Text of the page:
Antiquariat Jürgen Dinter

Amboise, Jacques-Marie, d'

De rebus creatis … — Paris 1586

2.200 €

De rebus creatis & earum creatore liber tripertitus […]. – Parisiis, apud Federicum Morellum …, M. D. LXXXVI 

[Paris, F. Morel, 1586]

First edition

4to (234 x 157 mm). A4 B2 A-O4 P2: (6) ff., 115 pp. Recent limp vellum. Rare. – Adams A-928; ustc 170812. 

¶ Amboise was professor of Greek and Latin philosophy at the Collège de France, and professor of rhetoric and philosophy. Published on Logics and Rhetorics, and a number of orations. 

The Praefatio is dedicated to the politician Jacques La Guesle (1557-1612), followed by a poem on Amboise in Greek by Nicolaus Gulonius (Nicolas Goulu, 1530-1601) and its Latin translation, and a Hexastichon by the publisher and professor at the Collège de France Federic Morel.

The first part of the book is entitled De Sphaera mundi. After two short chapters De Elementari regione, he quickly moves on to the more important celestial region, in qua nihil est mortale, and which is the Dei immortalis domicilium.

The following is dedicated to the eight planets, their similarities and differences. Of the spheres Meridianus, Aequinoctialis, Zodiacus etc. each has its own chapter. Those who wish to know more about the celestial spheres d’Amboise refers to scholars who possunt plus vobis in hoc genere. De sphaera mundi introduces the world of the unchanging, but only under the conditions of sensual perception and not of reason. The knowledge of the eternal by reason is the subject of the second part of the book: De deo. After a short reminder of antique polytheism d’Amboise deals with the five reasons for the necessity of the existence of God. The second part ends with a large chapter entitled Quid sit Deus. Following ps.-Dionysius he writes that for the knowledge of God non affirmationes, sed negationes accomodatae sunt.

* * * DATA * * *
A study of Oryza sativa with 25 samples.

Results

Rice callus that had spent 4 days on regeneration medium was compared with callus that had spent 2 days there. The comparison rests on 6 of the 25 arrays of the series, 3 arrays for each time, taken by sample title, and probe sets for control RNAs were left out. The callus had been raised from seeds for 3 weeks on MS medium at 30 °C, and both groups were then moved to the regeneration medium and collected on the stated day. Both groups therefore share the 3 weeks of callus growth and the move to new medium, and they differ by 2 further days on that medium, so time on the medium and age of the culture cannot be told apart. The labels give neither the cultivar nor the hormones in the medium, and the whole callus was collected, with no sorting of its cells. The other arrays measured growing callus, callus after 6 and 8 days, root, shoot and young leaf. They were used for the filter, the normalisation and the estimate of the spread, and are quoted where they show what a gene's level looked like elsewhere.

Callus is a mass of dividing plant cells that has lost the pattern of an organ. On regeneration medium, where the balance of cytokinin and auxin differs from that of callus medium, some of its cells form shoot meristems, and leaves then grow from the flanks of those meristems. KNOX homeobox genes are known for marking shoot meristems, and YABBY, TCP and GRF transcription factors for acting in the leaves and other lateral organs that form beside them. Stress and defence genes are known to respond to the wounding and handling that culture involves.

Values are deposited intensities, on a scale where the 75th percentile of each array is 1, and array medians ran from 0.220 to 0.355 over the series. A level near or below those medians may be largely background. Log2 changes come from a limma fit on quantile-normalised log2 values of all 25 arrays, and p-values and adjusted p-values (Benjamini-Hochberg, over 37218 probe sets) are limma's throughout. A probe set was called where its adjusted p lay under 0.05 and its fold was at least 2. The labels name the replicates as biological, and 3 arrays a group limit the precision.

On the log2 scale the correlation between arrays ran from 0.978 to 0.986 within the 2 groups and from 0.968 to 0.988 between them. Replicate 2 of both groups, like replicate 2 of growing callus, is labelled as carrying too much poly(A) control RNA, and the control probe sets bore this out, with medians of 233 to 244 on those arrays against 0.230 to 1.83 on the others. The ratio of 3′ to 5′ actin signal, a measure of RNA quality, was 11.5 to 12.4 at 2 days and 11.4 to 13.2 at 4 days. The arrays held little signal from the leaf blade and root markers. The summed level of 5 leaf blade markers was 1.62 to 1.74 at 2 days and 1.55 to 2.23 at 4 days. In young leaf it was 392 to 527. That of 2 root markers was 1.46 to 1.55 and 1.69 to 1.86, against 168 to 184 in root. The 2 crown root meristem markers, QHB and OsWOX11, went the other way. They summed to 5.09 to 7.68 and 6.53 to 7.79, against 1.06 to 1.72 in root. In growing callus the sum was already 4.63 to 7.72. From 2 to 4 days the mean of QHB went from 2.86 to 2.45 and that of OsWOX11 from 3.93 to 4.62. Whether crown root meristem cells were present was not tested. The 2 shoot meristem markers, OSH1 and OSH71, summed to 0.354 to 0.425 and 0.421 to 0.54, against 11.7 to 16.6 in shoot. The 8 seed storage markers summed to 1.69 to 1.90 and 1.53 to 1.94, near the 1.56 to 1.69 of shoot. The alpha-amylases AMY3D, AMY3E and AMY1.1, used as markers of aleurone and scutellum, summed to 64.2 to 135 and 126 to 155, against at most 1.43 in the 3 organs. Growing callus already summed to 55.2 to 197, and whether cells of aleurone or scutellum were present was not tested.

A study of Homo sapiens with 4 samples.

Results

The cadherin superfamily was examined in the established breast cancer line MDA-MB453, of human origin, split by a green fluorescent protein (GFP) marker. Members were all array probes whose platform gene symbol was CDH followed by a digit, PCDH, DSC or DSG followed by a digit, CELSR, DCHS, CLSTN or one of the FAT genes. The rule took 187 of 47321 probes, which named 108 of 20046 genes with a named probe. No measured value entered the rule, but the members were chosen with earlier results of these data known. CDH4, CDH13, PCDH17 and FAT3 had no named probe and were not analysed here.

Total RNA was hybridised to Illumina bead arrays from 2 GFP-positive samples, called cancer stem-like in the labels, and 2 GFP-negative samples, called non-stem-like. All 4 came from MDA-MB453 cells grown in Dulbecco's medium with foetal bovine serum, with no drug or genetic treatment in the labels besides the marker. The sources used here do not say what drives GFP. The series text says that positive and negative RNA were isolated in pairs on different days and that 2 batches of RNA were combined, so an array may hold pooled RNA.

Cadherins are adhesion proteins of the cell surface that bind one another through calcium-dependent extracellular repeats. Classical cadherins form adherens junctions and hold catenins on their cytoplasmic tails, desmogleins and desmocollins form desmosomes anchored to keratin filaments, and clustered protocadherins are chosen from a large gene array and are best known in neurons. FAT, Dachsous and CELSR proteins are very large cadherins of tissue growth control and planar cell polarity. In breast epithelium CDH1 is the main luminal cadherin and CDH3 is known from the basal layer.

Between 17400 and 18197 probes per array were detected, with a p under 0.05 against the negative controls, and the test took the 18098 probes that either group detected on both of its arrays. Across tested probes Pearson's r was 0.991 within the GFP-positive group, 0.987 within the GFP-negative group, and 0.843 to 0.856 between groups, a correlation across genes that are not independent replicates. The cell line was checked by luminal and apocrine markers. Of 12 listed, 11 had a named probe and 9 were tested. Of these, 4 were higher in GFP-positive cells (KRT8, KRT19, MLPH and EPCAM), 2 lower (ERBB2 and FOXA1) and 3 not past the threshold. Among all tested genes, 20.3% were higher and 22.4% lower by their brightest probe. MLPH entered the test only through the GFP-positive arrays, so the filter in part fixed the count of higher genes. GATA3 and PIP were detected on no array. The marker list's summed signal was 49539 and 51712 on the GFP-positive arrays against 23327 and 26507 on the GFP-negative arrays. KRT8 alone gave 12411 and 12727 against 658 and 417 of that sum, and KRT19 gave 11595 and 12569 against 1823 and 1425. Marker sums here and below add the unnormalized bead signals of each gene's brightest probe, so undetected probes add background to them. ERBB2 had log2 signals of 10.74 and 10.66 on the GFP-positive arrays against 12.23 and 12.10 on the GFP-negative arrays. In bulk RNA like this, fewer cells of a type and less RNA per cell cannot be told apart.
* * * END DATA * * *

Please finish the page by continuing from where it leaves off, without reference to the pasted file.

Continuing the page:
The third and last part of De rebus creatis is on (platonic) ideas. After a short etymylogical chapter about the word idea he moves on to the question if there are ideas and what they are, followed by a chapter on the number of ideae. The last chapter is in great parts dedicated to the question Quid enim est malum? Malum is understood here as destruction in the broadest sense. It originates from privatio, i. e. it has no independent existence (Plotin, Augustinus).